Family Breakdown-Tyre gone in 60 seconds.

Well, after congratulating my brother on some sterling driving and having let him sleep for six hours, we headed to refuel before driving over the imaginary finishing line to victory in Valencia.

Having been on the road for three days, we are adapting to our environment. I for example have developed a hawk eye for coaches. I can hear the hiss of their doors with bat like distinction, as they disgorge teams of people in tracksuits. Not aprehending this kind of threat in the field, can result in waiting up to thirty minutes for a morning coffee. Know your enemy in the car park and outstealth him, to by whatever means possible. The same goes for families, they may be lightening quick to get out of the car, by do not be fooled,  those estate cars harbor  tribes of dawdlers. They are all different heights, can’t make decisions about meals and are careless in the queues with potentially jabby trays. If they look very determined, try and fob them off by telling them the emergency exit is actually the entrance and then padfoot up to the coffee machine.

Having taken our medicinal caffeine, which Paul likes to kick start witha  couple of Red Bulls, we were ready to go. Refreshed, revived, (well lets not get into the realms of the ridiculous,) we had actually slept. That was about it.

We pull up to the pump, in a CEPSA garage. This is significant, as we had previously filled a tank with cut diesel in Italy and hence had driven in our own personal smog cloud for most of the journey. Still it kept tail gaters at bay, which is no mean feat in Italy.It was then that Paul heard the tyre deflate, in two places. We had come so far on our epic joirney, forgoing sleep, hot food and the basic need to wash twice a day. We limped the Discovery onto the fields and realised the wheel nut locking device had broken. It was Saturday and nothing reopens here until Monday. Paul suggested getting the tent out next to the main motorway. I start calling Spanish garages, I dont know what the security nut key broken tool of doom looks like with my English eyes, how was I to describe it in Spanish?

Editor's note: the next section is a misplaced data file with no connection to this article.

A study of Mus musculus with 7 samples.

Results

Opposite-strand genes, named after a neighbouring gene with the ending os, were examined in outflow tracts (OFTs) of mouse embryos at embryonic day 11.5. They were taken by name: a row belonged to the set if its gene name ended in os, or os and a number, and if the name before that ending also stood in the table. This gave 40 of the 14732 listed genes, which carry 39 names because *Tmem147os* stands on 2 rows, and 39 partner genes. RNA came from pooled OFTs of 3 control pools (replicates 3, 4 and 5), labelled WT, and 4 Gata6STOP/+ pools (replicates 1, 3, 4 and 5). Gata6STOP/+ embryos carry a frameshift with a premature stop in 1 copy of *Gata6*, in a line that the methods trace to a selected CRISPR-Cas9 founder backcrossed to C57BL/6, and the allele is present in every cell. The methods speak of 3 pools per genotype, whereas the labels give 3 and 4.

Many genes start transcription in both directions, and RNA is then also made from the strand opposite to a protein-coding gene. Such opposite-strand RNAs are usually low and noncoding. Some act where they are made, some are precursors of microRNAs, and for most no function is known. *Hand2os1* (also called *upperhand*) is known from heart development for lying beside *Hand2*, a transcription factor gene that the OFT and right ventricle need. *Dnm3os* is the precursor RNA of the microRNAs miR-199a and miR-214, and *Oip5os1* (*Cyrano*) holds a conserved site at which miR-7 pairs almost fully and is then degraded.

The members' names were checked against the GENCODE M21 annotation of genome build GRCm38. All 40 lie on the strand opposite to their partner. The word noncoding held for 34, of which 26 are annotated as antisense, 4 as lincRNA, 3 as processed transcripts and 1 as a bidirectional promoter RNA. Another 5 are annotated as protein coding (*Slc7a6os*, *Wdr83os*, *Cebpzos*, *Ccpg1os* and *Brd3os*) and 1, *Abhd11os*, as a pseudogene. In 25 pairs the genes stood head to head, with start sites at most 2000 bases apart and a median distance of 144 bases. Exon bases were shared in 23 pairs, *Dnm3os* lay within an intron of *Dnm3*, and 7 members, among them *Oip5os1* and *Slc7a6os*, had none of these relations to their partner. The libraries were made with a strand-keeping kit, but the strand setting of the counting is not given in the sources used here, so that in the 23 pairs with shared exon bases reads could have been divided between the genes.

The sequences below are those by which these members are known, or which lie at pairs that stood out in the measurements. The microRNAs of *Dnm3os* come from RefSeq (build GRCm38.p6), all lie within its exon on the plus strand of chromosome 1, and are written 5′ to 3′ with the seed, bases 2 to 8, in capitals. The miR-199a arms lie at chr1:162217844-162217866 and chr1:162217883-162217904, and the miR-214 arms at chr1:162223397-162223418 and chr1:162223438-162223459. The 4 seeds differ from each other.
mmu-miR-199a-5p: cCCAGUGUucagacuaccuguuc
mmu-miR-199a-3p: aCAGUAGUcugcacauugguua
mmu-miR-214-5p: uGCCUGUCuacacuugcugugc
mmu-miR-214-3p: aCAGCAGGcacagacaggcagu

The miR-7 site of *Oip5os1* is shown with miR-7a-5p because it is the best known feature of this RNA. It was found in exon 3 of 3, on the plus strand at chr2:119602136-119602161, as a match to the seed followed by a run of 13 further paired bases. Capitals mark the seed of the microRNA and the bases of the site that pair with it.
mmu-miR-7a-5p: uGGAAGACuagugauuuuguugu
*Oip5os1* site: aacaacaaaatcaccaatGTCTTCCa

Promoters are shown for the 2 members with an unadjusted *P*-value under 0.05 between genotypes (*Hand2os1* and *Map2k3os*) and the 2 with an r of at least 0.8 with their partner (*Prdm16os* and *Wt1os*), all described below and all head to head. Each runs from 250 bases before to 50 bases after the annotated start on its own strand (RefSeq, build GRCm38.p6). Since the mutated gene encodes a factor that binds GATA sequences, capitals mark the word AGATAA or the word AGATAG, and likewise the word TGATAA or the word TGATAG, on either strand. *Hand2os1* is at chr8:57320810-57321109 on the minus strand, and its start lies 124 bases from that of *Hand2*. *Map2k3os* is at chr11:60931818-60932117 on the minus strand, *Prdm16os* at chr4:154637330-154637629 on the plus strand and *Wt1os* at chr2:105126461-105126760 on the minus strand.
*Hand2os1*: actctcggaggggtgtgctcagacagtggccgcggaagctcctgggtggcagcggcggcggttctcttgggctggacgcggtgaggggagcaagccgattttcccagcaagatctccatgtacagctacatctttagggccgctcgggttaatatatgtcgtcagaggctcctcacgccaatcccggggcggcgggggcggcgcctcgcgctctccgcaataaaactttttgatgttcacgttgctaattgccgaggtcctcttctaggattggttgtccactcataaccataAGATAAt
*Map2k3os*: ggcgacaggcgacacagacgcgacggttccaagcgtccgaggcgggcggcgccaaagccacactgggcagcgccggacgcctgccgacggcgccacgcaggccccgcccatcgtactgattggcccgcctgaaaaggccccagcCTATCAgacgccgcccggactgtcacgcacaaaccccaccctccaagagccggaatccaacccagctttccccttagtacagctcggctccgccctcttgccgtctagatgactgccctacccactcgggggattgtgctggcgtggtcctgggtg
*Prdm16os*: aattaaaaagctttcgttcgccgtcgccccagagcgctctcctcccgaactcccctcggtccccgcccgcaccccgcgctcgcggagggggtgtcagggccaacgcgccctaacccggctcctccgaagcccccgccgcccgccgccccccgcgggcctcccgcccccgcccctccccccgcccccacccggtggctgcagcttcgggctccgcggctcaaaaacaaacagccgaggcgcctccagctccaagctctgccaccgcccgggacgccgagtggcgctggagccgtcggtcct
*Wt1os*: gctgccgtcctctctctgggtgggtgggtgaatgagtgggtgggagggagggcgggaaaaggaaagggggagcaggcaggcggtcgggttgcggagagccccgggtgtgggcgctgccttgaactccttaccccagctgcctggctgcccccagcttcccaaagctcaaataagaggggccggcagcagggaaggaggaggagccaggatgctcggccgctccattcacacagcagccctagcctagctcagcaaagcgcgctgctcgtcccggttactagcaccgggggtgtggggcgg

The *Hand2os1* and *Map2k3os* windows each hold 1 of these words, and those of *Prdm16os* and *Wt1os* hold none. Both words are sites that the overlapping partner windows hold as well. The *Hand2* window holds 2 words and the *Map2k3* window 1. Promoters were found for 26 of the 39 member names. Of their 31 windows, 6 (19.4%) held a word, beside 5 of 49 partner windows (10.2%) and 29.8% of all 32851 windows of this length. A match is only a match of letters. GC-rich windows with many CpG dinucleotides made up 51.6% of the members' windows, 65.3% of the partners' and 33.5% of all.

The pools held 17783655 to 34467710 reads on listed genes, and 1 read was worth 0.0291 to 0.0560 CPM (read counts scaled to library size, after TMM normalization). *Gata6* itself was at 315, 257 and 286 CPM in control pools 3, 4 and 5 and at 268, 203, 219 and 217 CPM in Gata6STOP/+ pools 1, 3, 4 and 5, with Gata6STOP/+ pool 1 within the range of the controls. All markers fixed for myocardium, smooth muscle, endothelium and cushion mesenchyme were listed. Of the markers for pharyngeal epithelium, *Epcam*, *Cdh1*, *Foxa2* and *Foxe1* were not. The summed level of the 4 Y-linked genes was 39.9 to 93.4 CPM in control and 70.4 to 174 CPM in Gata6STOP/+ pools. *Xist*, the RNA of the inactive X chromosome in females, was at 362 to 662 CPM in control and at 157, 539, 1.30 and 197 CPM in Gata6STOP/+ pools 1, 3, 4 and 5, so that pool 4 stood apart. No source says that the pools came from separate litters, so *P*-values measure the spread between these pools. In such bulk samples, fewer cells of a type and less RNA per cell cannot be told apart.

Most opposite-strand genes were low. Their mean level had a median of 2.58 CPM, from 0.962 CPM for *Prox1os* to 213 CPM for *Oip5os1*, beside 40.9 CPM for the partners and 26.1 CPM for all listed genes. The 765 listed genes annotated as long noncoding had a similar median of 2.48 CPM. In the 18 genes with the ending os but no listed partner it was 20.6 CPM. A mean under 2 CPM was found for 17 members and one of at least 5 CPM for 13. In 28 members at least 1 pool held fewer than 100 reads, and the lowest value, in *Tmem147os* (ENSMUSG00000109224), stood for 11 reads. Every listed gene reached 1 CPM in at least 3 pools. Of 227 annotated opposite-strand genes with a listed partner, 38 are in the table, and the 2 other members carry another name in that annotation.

They were virtually all closed. Eventually we give in and I call a cab. I needed a bed and some food and most importantly a shower. Paul packed the essentials and I made the call. Simple. Or so we thought. The taxi driver got out and walked around the car shaking his head dismally. I started to count after he told us at least thirty times, that unless we had it towed it would get robbed. I counted another 26. His brow was knitted to his head and he seemed very stressed, He patroled up and down the car shaking his head. “They will come and smash the glass and take everything ( pauses looks up or effect and gesticulates with one hand looking towards the horizn-I mean, everything!) I had stopped translating for my brother, who was now looking at the taxi driver as if he was borderline insane.

Tired of the taxi drivers histrionics, Paul said he would stay with the car. I felt guilty getting into the cab. Not however as guity as the taxi driver, who justified his stories of window smashings and then started shaking his head like a Spanish Churchill dog. “Bery bery bery cold at night and no food, he squints as if imagining the deprivation. “What will he do? Terrible, terrible.”I can only imagine the disasters this man must go through on a Monday morning, before going to work and the various fates that could potentially await him.

To cut to the chase, I am in a town which is a 35 Euro taxi ride from my brother and he is in the Landrover, sleeping in the back. I am reassured that there is a shower in the garage. It might be prudent Paul to buy some Fairy handwash powder and start taking your laundry into the shower with you.

I have to wait until Monday, when I will turn up at the Landrover Dealership and do my best to borrow a size F unlocking nut. Thats if hoardes of theives have not carted my brother and his wicker baskets of laundry into the night. Despite his 8 litres of wine keeping him company in the back, I know he also has his fishing rods. It would be a brave man indeed who tried to make off with them.


About Hair of the Dog

Hair of the Dog is a dog blog for discerning dog owners who celebrate their canine companions.